At Leisure

Small but well located, Marina del Rey is a boating hub.

  Marina Del Rey is tiny oasis for watersports enthusiasts, tourists and business travelers just four miles north of LAX. From a boating standpoint, there is much to do in this square mile of unincorporated area — more than 6,000 recreational boat slips and the highest density of restaurant seating in a one-square-mile area outside of New York City.

The harbor is definitely the dominant feature of the city, and it’s the world’s largest man-made small-craft harbor, with eight basins emptying out and joining with Ballona Creek. Guest docks and pumpout are available at the main channel between basins G and H. Head over to Burton Chace Park between 8 a.m. and 8 p.m. daily to moor. Also, there are four-hour guest docks available, free of charge, on a first-come, first-served basis — registration is not required. Free pumpout is available to any boater, with 20 minutes of free tie-up to use the facilities. To tie up overnight, visit the Park Office to register and pay the slip fee, which is $1.15/foot per night (at press time).

A fuel dock is on the west side of the main channel, right at the entrance to A basin.

To see some sights around the marina, check out The Free Ride. Simply wave down a Free Ride vehicle or text your pickup location and passenger count to (323) 435-5000 and wait 10 to 15 minutes for a pickup. The service covers all of Marina del Rey and also will go to nearby Venice Pier and Abbot Kinney Boulevard in Venice. To stay on the water within the harbor, the Water Bus stops at eight locations, including Burton Chace Park and Fishermen’s Village, and only costs $1 for a one-way trip.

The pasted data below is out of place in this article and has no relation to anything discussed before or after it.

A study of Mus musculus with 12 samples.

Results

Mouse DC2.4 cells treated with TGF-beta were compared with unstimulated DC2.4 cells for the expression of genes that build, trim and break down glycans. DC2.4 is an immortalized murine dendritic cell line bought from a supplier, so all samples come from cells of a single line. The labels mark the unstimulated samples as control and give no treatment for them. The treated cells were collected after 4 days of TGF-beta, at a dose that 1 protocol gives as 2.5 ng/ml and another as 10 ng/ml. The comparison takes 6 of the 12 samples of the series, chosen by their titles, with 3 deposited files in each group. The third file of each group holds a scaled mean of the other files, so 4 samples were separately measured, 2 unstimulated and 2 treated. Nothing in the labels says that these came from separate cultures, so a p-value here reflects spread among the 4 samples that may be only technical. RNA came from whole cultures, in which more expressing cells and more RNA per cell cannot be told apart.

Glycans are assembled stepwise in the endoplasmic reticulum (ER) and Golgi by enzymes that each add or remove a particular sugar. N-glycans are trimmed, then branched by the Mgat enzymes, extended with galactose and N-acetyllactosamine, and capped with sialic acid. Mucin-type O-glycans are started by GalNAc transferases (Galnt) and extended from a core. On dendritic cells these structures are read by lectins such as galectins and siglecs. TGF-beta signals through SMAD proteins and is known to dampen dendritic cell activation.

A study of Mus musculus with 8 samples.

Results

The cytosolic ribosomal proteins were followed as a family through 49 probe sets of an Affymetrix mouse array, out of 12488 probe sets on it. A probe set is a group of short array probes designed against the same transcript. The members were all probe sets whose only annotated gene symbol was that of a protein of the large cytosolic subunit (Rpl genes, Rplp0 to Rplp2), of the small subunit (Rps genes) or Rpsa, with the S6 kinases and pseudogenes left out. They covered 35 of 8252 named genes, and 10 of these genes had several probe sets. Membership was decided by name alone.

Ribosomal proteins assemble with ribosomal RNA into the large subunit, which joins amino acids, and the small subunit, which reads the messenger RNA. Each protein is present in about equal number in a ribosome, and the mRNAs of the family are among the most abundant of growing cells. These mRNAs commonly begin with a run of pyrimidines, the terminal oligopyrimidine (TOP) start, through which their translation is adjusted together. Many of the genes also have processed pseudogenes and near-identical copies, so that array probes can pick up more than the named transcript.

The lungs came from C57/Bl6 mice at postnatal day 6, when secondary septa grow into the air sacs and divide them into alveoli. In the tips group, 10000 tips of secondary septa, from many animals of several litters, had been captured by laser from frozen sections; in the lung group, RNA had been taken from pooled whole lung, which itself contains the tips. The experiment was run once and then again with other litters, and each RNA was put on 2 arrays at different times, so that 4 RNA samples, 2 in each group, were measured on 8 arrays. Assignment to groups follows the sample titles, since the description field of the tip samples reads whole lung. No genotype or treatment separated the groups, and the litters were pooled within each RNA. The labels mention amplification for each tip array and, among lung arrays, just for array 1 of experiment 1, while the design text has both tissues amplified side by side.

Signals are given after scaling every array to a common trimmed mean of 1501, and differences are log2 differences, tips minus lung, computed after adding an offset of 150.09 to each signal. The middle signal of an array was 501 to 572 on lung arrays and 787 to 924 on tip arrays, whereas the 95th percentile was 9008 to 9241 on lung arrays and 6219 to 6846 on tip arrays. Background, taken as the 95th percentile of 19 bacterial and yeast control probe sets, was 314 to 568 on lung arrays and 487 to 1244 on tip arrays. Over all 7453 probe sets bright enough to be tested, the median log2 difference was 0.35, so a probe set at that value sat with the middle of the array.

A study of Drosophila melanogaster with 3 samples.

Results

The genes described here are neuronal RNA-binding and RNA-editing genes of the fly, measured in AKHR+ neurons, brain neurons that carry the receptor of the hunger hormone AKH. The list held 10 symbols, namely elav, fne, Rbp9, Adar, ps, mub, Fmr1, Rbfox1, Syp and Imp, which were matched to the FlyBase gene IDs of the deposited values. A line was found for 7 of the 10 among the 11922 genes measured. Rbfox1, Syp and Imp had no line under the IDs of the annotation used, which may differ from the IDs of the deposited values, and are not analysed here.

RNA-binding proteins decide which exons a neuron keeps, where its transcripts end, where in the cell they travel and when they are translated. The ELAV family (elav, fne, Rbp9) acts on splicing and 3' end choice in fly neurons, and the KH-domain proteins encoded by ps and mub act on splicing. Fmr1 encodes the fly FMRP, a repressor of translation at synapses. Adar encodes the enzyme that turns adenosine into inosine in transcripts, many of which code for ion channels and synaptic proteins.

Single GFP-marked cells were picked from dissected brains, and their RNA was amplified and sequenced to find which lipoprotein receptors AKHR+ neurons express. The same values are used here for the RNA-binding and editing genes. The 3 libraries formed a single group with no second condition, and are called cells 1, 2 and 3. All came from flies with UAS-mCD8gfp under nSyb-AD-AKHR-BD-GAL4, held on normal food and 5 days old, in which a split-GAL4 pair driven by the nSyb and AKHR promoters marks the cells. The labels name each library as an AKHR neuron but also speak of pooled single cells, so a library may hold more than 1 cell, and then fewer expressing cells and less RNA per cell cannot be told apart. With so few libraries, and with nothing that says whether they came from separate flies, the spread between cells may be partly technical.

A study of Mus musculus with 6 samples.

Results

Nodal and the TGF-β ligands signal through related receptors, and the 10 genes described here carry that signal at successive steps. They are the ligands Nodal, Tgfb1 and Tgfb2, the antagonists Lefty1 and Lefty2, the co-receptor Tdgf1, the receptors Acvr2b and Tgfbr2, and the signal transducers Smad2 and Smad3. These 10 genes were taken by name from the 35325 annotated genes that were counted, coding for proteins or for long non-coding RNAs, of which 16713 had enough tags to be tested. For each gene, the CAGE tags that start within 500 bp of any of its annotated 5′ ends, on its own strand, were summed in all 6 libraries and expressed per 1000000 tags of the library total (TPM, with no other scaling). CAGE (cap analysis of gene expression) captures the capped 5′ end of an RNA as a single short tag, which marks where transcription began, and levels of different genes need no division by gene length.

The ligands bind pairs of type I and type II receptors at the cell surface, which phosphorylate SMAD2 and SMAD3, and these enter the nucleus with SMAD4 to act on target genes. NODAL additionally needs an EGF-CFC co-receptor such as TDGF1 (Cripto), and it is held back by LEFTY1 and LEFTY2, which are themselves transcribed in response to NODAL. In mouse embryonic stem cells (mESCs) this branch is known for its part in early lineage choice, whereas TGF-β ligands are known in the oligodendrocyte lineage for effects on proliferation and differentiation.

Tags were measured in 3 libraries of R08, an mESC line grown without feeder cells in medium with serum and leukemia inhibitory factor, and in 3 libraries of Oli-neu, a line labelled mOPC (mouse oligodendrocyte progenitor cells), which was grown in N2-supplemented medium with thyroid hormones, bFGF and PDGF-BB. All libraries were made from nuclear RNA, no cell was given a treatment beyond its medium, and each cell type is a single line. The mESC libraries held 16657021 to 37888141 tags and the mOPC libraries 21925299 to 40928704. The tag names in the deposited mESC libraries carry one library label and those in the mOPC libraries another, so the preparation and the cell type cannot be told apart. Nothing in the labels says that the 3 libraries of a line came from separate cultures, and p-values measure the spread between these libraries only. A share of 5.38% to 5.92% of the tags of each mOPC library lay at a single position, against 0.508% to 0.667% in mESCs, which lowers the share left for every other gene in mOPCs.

Marina del Rey has scores of activities, considering its small size. If you dare, try parasailing (March-October) with Marina del Rey Parasailing and get a birds-eye view of the Los Angeles coastline. Get off your boat and explore the harbor a different way, maybe on a standup paddleboard from Pro SUP Shop or a PWC or kayak from Marina del Rey Boat Rentals. With a little planning, you can even schedule a lesson in kayaking, rowing or windsurfing at the UCLA Marina Aquatic Center. There is also plenty of beach sand on which to stretch out and sunbathe, if you’d rather just do nothing at all.

Marina del Rey is not short of restaurants. Every craving can be satisfied within a stone’s throw from the dock, and you’d best bet that the local restaurants have taken advantage of the beautiful marina views that the abundant shoreline in Marina del Rey provides. C&O Cucina is one of the recognized restaurants on the block — known for its tasty garlic knots and home-style Italian dishes at a reasonable price. Fisherman’s Village offers some on-the-water options, including Whiskey Reds and El Torito. There are many posh New American and seafood restaurants tucked away in the resorts around the area, and many of them have boater/dock entrances.

For boaters on a bit of a budget, there is a list of some great happy hour deals (most of them for weekday afternoons) on the Marina del Rey website, so if you happen to be parched after a long day of boating, check out one of the listings. Most of these restaurants offer front row seats to watch the sunset.

Although there are several ‘Mothers’ Beaches in California, the one in Marina del Rey might have the most amenities. This beach is referred to as Mothers Beach 8 because there is a roped-off swimming and wading area, and the water is calm and waveless because it’s in a marina. There are picnic tables and barbecues available, as well as a bike path, a boat launch, volleyball courts and a parking lot.

Running alongside where the harbor meets the Ballona Wetlands is the Ballona Estuary, where urban spread eases up into a 600-acre natural preserve on the edge of Los Angeles. Docent tours are available, and a public walking trail allows visitors to enjoy the scenery up close and personal. Take the fast lane and bike down the Ballona Creek Bike Path, which connects to another path that goes all the way to Redondo Beach, a safe alternative to enjoy the South Bay’s beaches without worrying about traffic. On Saturdays, a Farmer’s Market runs from 9 a.m. to 1 p.m. on the corner of Panay Way and Via Marina.